Topics include Things to Do, Dining Scene & more!
Leaving Kaikoura south on Route One after having stopped at the Kaikoura Winery on the hill the traveler will certainly enjoy the next few kilometres as one skirts the sea on a curving route carved from the hills along the steep sides. A glance over the edge will reveal a jumble of rock strewn along the ocean and several volcanic sand beaches. A lot of local divers stop in this area to swim out to hunt for the local lobster with high success rates. One of the most scenic ocean drives on the east Coast reminiscent of the drive along the upper west Coast south of Westport . It is a spectacular drive with quite a few places to pull over and take photos or stop for a break.
At the Kowhai River both sides there are good parking areas an especially large one on the south side with another one not too far along also on the ocean side. Take extreme care not to leave any trash. Kaikoura is working hard to be the top clean green image and it behooves all to be there in that respect. That is important everywhere really. In New Zealand a traveler can still pull off the road hundreds of places to stay the night but travelers are rapidly losing this privilege due to thoughtless visitors staying overnight in vehicles without any facilities (such as vans) and leaving their wastes behind. Not happy about finding toilet paper in the bush. One used to be able to drink straight from the streams and now it is impossible. If you rent a vehicle that is not self-contained stay in the parks where there are facilities. Don’t **** in the woods or the streams or anywhere outside!
A few kilometres south of Kaikoura is a small airport with flights for whale watching and also a Holiday Park next door.. Another great place to freedom park is on the left before the Kahutara River . Also about 12 kilometres along there are several fabulous coastal camping sites. Go along to check in at Goose Bay just down the road a few kilometres on the right.
After this coastal area the road turns inland away from the ocean and into the hills at Oaro.(six kilometres from Goose Bay) and up the twisting, turning hills. A few kilometres the chance to take a 4 wheel adventure at Glenstrae Farm if so inclined.
Soon a sign announcing arrival into the Hurinui District and some real sharp downhill curves to contend with. There are plenty of passing lanes available though so be courteous and get the cars and trucks off your back bumper. It’s good for everyone.
There are picnic spots and rest area at the bottom of the first hill. Fifteen kilometres from the initial climb from the ocean is the turnoff to Conway Flat and worth the five kilometre drive down the road to the ocean. A person won’t believe the trees. It is a great spot off the beaten path. Also right on the left after crossing the bridge is a gravel drive that cuts back under the bridge and provides a real nice parking spot. The train comes through at night though.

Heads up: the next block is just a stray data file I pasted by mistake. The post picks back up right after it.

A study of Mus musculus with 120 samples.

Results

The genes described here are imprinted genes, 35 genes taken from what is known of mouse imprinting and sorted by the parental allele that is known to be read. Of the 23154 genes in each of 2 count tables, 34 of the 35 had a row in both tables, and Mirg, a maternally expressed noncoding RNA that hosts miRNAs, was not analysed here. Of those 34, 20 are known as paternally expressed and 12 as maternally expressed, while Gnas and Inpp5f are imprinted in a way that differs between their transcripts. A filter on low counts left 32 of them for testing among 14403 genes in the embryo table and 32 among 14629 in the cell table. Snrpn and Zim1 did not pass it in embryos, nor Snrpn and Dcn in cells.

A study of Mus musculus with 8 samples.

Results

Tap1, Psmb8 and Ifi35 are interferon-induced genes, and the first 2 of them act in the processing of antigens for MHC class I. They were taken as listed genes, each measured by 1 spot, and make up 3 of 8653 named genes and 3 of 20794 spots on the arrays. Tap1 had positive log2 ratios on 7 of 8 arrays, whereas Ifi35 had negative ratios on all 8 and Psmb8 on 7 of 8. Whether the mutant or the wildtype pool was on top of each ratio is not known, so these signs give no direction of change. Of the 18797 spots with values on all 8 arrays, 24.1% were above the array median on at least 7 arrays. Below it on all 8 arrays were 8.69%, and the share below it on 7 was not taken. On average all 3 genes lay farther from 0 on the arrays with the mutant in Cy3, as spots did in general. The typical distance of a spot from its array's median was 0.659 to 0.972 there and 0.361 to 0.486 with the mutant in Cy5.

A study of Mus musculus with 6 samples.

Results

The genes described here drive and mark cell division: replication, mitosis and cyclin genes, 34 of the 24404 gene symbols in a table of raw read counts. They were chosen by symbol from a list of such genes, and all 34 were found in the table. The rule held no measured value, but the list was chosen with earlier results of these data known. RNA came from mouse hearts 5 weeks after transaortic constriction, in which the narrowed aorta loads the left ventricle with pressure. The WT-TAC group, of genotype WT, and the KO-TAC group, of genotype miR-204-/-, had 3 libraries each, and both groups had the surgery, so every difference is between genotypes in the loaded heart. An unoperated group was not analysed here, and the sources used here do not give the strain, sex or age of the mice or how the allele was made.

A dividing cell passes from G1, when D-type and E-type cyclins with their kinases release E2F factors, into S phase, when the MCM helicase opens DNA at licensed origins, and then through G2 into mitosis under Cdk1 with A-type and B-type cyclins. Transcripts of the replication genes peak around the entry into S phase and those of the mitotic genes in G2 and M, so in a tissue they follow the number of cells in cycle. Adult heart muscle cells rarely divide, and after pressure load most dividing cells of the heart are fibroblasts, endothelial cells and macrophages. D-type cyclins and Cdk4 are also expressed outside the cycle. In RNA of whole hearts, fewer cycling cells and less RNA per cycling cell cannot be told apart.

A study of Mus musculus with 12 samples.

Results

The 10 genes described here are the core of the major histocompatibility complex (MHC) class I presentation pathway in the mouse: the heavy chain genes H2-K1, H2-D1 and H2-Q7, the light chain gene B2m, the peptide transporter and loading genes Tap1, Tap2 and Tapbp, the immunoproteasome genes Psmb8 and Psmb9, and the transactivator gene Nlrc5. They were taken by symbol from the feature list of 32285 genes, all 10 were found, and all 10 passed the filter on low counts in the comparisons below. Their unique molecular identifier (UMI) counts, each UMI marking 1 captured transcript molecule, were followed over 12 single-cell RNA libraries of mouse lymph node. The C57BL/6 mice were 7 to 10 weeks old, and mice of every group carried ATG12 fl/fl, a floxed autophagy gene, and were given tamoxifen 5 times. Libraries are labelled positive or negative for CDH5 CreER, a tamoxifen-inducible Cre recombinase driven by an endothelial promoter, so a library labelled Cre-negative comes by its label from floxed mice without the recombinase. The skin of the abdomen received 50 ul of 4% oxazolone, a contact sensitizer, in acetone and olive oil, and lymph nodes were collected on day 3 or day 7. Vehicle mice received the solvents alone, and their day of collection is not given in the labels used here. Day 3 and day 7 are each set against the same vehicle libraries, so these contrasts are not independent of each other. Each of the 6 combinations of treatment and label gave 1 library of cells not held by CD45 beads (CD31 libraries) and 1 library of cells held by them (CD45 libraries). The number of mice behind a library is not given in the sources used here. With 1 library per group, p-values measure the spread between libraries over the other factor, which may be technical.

By now the road has reached the valley floor and most of the hills have been conquered this direction for awhile. It must be cold in this location in the winter with names such as Siberia Stream and Chilly Stream marking the local creeks. The road now enters North Canterbury at this point and it really starts to flatten out. The long flat roads give a break from the hill crunching just completed.
The Leader Road turns west here towards Hanmer Springs and the Lewis Pass to the West Coast. This is the road recommended to Hanmer. It casually winds through the countryside without a great deal of effort and is more like following a farmer’s paddock lane. It is a good road with hardly any traffic and a shorter route to Hanmer than the one north of here most people take.
Right past Leader Road is the town of Parnassus where travelers are offered a free cup of coffee before continuing along Route One South. The next place one can stop is at the Waiau River where a parking area has been created on the south side of the river. On the north on the right is a old historic bridge where also they have provided a good parking spot. From January to March the salmon run this river and interrupt the local brown trout.
On south the next place of interest is the small town of Cheviot . Try to make the run through here so one can take the road to the left to Gore Bay a surfers hangout and a great place to camp next to the ocean with toilet and shower and electric available cheap. It is about 8kms to the spot.
From here on south the road passes through large expanses of manicured farms bursting with sheep and cattle and the few deer farms. All of a sudden you enter Waipara Valley and the home of many of New Zealand’s top wineries and well worth a stop at a couple to sample the award winning wines.
The next stop is in the town of Amberley and the Nor’wester Café an absolutely fabulous food and coffee cafe. For a place to stay overnight take the road left to Amberley Beach where they have made available a very large area for campers to stay overnight providing toilets and limited electricity. Just for self-contained vehicles only.
The next stop going south is Pukeko Junction a few kilometres south of Amberley. In the complex is one of the best wine shops and galleries in the country. If one wants to buy some of the local Waipara wines this is where the visitor can find most of them in one spot. Kevin, the owner, is very knowledgeable and extremely helpful in selecting the right wines for your taste.
From here on Route One is to the city of Christchurch and out to Akaroa on the Banks Peninsula once a French settlement and now demonstrating the historical influence in the names and buildings. It is definitely worth the drive to see and experience.
Both Christchurch and Akaroa are covered independently beyond this.